At the heart of God’s work with Israel is the Presence of God, a theme coursing through the whole Old Testament — from Genesis 3:8 to Genesis 12 to the house of God with Jacob to the tabernacle’s and the temple’s ark of the covenant and especially with the temple and on and on. God’s Presence is at the heart.
And this Presence vacates the temple as an act of judgment in Exile.
If the essence of sin is idolatry and the surrender to alien powers, then what becomes of the “forgiveness of sins”? This, too, NT Wright argues in his about to be published The Day the Revolution Began (and the course being developed), needs to be seen through the grid of a sound narratival approach to biblical theology. But we have approached it all, he claims, from mistaken paths:
We have Platonized our eschatology (substituting “souls going to heaven” for the promised new creation) and have therefore moralized our anthropology (substituting a qualifying examination of moral performance for the biblical notion of the human vocation), with the result that we have paganized our soteriology, our understanding of “salvation’ (substituting the idea of “God killing Jesus to satisfy his wrath1 for the genuinely biblical notions we are about to explore). (147)
Jews of Jesus’ day were not looking to be rescued from this world but for a renewal and rescue within this world (113). They were looking for that renewal in connection with the return of the Presence to the temple, and that means they were looking for the end of Exile and an expression that was often used to speak of the end of Exile was…
… the forgiveness of sins. NT Wright now, from p. 115:
The “forgiveness of sins” was a huge, life-changing, world-changing reality, long promised and long awaited. It was the fulfillment of Israel’s hopes for restoration, coupled with the sense that when Israel was restored, this would somehow generate a new for the whole human race.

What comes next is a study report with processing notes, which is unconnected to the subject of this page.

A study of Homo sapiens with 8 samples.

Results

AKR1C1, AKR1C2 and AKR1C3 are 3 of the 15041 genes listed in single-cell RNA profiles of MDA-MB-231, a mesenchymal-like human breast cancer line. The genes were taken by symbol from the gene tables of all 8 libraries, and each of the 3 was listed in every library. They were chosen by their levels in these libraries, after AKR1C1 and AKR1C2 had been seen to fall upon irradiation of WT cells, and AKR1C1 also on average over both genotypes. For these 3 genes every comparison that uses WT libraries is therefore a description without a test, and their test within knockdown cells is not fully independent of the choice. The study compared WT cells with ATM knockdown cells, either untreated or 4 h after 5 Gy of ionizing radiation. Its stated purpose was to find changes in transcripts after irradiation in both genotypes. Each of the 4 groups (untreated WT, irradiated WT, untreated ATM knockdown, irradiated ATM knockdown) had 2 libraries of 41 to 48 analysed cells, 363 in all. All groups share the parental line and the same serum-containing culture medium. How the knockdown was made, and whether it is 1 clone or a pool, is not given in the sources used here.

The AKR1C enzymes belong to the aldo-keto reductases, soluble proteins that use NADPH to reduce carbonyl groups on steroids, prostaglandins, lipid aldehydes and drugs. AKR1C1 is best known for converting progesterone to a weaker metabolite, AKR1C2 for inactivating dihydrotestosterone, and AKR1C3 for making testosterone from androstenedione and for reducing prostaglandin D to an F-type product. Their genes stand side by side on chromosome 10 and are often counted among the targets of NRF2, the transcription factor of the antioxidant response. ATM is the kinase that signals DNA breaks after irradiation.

[p. 157] “Forgiveness of sins,” for the first disciples, was now to be seen as a fact about the way the world was, a fact rooted in the one-off accomplishment of Jesus’s death, then revealed in his resurrection, and then put to work through the Spirit in the transformed lives of his followers. Forgiveness of sins became another way of saying “Passover” or “new Exodus.” Or, as in Isaiah 54-55, following hard on the heels of the kingdom announcement of chapter 52 and the “servant’s” work in chapter 53, it would come to mean “new covenant” and “new creation.” The gospel was the announcement of this new reality.
And when the Presence returns God would return as king, God would bring redemption through suffering, and all this as a dramatic expression of God’s covenant love. Hence, what the people needed was (1) the end of Exile or the forgiveness of sins, (2) it would be the great Exodus or the final great Passover, and (3) this would all occur as the work of God (138).
Forgiveness of sins in the NT, he is arguing, is about the end of Exile, the return of God to the temple, and the establishment of kingdom conditions already at work in this world, and all this means that individuals can be rescued, renewed and restored to God, to themselves, to one another and to all creation.